GUILFORD—The Selectboard recently learned more about its rights and responsibilities regarding the Kirchheimer Drive solar array.
At the June 11 regular Board meeting, Town Administrator Peder Rude explained the results of his research on the Public Utilities Commission’s process for issuing Certificates of Public Good.
Rude’s work came at the request of the Board. They had questions about what, if anything, they should do about the application for 500-kW solar array located on Will Wohnus’s property, leased by Dummerston-based Soveren Solar. The array went online in October 2016.
At the May 14 Selectboard meeting, residents Tammy Sargent and Nick Junjulas — whose properties abut the parcel — notified the Board that Soveren Solar had failed to notify them of changes to the project during the comment period before its construction.
Shortly before Soveren began building the solar project, another neighbor, Jane Krochmalny, asked company officials to move the array so it would be less visible from her property.
Soveren complied, but never filed an amendment to its CPG. Company owner Peter Thurrell told the commission he didn’t deem the changes substantial enough to file an amendment or send an additional 45-day notice.
The commission disagreed, and in March they found Soveren violated regulations on providing notice to neighbors. The commission fined the company $5,000 and told Soveren to file an amendment to its CPG.
If the PUC denied Soveren’s application, the company could lose its CPG, which would likely require the array’s decommissioning.
Soveren’s original deadline for filing an amendment of its CPG was June 15, but The Commons learned the commission granted Soveren’s request for a one-month extension.
With the amendment comes another 45-day period for public comment.
The 45-day notice for a CPG application allows certain parties time to comment on the proposed project. One of those parties is a town’s Selectboard. Sargent and Junjulas asked the Board to comment on the CPG application.
What the Board had to decide was if they should comment, and if so, what they should say. A concern raised by some Selectboard members, and Thurrell, is whether the project is in the public good.
Thurrell’s argument is that the complainants are private landowners and the array serves thousands of individuals through a contract Soveren has with the Vermont State Employees Credit Union. The credit union receives enough net-metering credits from the array to power all of its branches.
At the June 11 Selectboard meeting, Gabriella Ciufredda, who was leading the meeting in Board Chair Sheila Morse’s absence, confirmed the Board received the 45-day notice about Soveren’s CPG amendment.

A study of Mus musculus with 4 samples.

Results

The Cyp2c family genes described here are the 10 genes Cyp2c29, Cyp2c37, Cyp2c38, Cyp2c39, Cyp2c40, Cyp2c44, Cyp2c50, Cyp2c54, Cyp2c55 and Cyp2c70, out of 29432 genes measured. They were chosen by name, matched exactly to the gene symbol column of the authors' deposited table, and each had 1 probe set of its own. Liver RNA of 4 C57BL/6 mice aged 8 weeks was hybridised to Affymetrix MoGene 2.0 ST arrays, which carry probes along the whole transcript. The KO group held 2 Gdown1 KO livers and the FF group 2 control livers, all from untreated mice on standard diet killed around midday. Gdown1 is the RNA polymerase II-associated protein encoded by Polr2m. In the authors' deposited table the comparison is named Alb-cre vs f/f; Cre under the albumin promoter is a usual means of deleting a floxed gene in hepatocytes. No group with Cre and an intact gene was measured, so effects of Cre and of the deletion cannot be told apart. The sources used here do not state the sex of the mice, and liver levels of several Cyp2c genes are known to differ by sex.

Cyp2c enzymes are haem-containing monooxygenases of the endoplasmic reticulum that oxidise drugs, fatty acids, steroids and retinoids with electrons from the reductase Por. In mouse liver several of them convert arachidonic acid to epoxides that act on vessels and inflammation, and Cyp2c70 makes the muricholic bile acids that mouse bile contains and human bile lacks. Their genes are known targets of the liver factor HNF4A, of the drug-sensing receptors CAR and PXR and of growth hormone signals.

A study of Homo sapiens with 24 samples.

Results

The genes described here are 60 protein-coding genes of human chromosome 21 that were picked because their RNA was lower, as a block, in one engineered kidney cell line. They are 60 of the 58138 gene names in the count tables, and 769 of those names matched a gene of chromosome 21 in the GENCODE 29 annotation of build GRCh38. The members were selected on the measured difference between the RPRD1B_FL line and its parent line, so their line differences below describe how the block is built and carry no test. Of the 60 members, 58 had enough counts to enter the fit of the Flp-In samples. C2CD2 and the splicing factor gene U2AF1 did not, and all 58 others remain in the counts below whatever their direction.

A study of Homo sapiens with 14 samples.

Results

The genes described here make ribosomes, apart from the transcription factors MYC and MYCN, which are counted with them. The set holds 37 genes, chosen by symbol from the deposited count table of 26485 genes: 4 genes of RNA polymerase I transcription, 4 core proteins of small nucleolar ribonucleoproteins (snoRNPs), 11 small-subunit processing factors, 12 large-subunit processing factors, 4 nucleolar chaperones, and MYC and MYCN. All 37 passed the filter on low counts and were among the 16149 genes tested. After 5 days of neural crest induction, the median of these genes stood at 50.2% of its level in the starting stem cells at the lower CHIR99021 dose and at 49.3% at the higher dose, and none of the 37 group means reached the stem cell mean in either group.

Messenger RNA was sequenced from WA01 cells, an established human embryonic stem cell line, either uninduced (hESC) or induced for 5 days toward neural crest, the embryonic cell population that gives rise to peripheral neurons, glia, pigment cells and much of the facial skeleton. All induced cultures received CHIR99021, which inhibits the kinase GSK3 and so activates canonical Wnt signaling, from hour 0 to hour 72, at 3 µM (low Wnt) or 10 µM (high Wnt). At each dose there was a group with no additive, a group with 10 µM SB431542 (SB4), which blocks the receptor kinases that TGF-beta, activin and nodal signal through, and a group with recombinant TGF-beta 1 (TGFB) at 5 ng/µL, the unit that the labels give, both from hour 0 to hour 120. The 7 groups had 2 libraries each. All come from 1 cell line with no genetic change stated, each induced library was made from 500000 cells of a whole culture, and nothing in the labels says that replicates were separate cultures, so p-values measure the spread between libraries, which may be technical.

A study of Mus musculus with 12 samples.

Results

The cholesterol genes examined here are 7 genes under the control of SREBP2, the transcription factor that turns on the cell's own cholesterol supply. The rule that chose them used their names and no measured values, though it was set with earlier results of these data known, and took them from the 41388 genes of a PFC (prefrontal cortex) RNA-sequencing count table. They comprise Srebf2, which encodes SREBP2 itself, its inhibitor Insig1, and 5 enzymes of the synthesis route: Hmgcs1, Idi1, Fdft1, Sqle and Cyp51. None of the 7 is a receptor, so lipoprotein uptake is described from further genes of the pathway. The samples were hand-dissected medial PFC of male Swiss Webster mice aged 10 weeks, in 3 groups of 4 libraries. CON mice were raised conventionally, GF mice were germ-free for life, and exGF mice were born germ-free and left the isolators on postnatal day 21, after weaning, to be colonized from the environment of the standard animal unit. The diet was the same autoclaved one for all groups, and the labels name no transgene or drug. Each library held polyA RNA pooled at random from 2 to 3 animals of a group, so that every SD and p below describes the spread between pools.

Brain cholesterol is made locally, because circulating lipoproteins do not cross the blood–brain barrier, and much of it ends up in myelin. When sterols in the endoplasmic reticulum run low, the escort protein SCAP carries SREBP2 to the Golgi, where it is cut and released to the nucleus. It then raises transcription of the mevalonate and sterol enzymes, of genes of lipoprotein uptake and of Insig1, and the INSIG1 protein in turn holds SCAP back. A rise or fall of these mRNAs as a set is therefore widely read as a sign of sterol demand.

“Whether it was properly served — because we didn’t receive it in the mail — is unclear,” said Ciufredda. “But we did receive it,” she said.
Rude noted the two parties, abutters Sargent and Junjulas, and Soveren, the developer, “have differing opinions on what the Selectboard should do.”
What Rude learned from the commission clerk is that until Soveren files the application, the town won’t see the amendment. All the town received, he said, is notice Soveren intends to file.
“What that amendment is, we’ve heard speculation,” Rude said, “and until it’s actually filed with the PUC, we don’t know what the facts of that amendment are,” he added.
So, until July 15, there’s nothing on which the Board can comment.
Once Soveren files the amendment, then “if the Selectboard feels [Soveren’s] amendment is not within the public good, then the Selectboard can submit [...] a Notice of Intervention,” said Rude, who noted, “it’s given much more weight than public comment.”
Rude pointed out anyone can submit a public comment and say anything they want about it, but not so the Selectboard.
What the Selectboard cannot do is base their comment on “things that happened in the past,” including the complaints the abutting neighbors made at the May Selectboard meeting, Rude said. Those, he said, “have been adjudicated by the PUC and unfortunately isn’t the topic of the current amendment."
Selectboard member Richard Winzansky and Ciufredda agreed, and noted the abutters “had their day in court.” Even if the process was satisfactory, the process on the amendment still has to move forward, and the content should be judged on its own merits, Board members said.
Cuifredda acknowledged “this is a really unusual case.” In asking Soveren to file an amendment to its CPG for the solar array, “the PUC is treating it like it’s not built.”
Board member Verandah Porche noted the lack of clarity in guidance the Selectboard has in deciding whether to issue a comment on Soveren’s CPG amendment, and what they should say.
“Since we have no [zoning] regulation in our town,” said Porche, to make a decision, “we would rely on hypothetical neighborliness and best practices, which are undefined.”
Ciufredda agreed that is true, and it’s a discussion worth having in the future.